As the season of materialism approaches and the ads for ridiculously expensive Christmas gifts for kids increase, I have been thinking a lot about what it means to "spoil" a child. As my favorite hippie-pediatrician Dr. Sears says, the term "spoiled" implies a gallon of milk that has been left to rot in the fridge. The more attention you give a child, the less likely they are to be spoiled.
I did the whole "attachment parenting" thing, which was met with great approval from my mother in law (extended breastfeeding, co-sleeping, knowing what the kid wants before they say it, lots of holding and comforting). However, I have been criticized by people of both American and Bangladeshi cultures for spoiling Isaac. I'm told that I buy too many toys for Isaac, I overindulge him, and that I'm "creating a monster". This might be true - I'm definitely not a perfect parent. But here is my attempt at defending myself.
1. Most of the things that I buy for Isaac are very small ticket items - less than $5. Big ticket items are planned way in advance, and many times, Isaac has to save up his own money to help buy them. So, yes, if you are looking at the sheer volume of toys that he has, it's a lot, especially when it's crammed into a small apartment. But the dollar amount that I spend on him is way less than what it looks like.
2. I would argue that from what I've observed at Isaac's friend's houses, he does not have nearly as many toys as other kids his age. Other people have entire huge ROOMS for their kids' toys, and the kids have their own bedrooms! Isaac has half a closet and he sleeps with me.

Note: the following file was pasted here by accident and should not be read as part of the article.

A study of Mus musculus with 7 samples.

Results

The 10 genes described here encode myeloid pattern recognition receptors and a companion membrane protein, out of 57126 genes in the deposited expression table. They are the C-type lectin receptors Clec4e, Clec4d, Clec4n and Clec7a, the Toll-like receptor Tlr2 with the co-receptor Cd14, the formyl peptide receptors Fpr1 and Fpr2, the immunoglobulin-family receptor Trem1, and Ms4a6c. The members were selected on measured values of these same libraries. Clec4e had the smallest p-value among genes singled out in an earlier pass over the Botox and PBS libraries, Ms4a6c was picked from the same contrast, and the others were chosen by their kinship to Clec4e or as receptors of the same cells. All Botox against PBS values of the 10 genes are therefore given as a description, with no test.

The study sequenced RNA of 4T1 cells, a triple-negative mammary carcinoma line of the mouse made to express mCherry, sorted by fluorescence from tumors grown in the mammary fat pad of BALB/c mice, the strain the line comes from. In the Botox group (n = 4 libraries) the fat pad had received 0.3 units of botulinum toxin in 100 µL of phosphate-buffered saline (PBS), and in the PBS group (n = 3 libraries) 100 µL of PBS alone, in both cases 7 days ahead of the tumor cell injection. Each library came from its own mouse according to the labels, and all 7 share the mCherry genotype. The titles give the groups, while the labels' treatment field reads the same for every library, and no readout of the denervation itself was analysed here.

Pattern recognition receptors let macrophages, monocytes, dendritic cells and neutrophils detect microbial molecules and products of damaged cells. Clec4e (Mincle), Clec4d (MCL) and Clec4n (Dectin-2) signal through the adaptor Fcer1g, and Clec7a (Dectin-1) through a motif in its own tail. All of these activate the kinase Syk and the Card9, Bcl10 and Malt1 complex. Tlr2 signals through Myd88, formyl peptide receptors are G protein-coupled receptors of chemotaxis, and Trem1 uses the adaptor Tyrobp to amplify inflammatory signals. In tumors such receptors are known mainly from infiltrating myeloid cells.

3. I DO NOT buy EVERYTHING that Isaac asks for, and I RARELY buy things immediately when he asks for them.
4. Isaac understands that the things he gets are because he has earned them, either by behavior, school performance, or some other measurement.
5. Isaac does not have tantrums when I say "no". Aren't tantrums are a defining characteristic of so-called "spoiled" children? In fact, I deliberately say no and make him wait for certain things because I want him to learn restraint. Also, he understands the value of money. If I decide to get something for him, I tell him that it has to be under a certain dollar amount, and he gets it.
6. Isaac is an only child, therefore we can afford to buy him more than if he had siblings. Conversely, he does not have siblings (or friends living nearby) to play with in order to pass time, so the toys give him something to do.
7. MOST of his toys are things that we play with together. We build Bionicles, have dragon wars, battle our Pokemon decks, and we play Gameboy games together.
8. I admit that sometimes I buy things for Isaac to assuage my guilt. For example, a few weeks ago when I spent the night in Madison, I saw some Dragonball Z DVD's for only 5 bucks apiece in a storefront. I bought them specifically to give to Isaac because I knew he'd be happy and it made me feel less bad about spending the night away from him. But is that so horrible? HE didn't know that I was giving it to him to make myself feel better, he was just happy to get a new DVD.
So, what do you think? What does it mean to spoil a kid?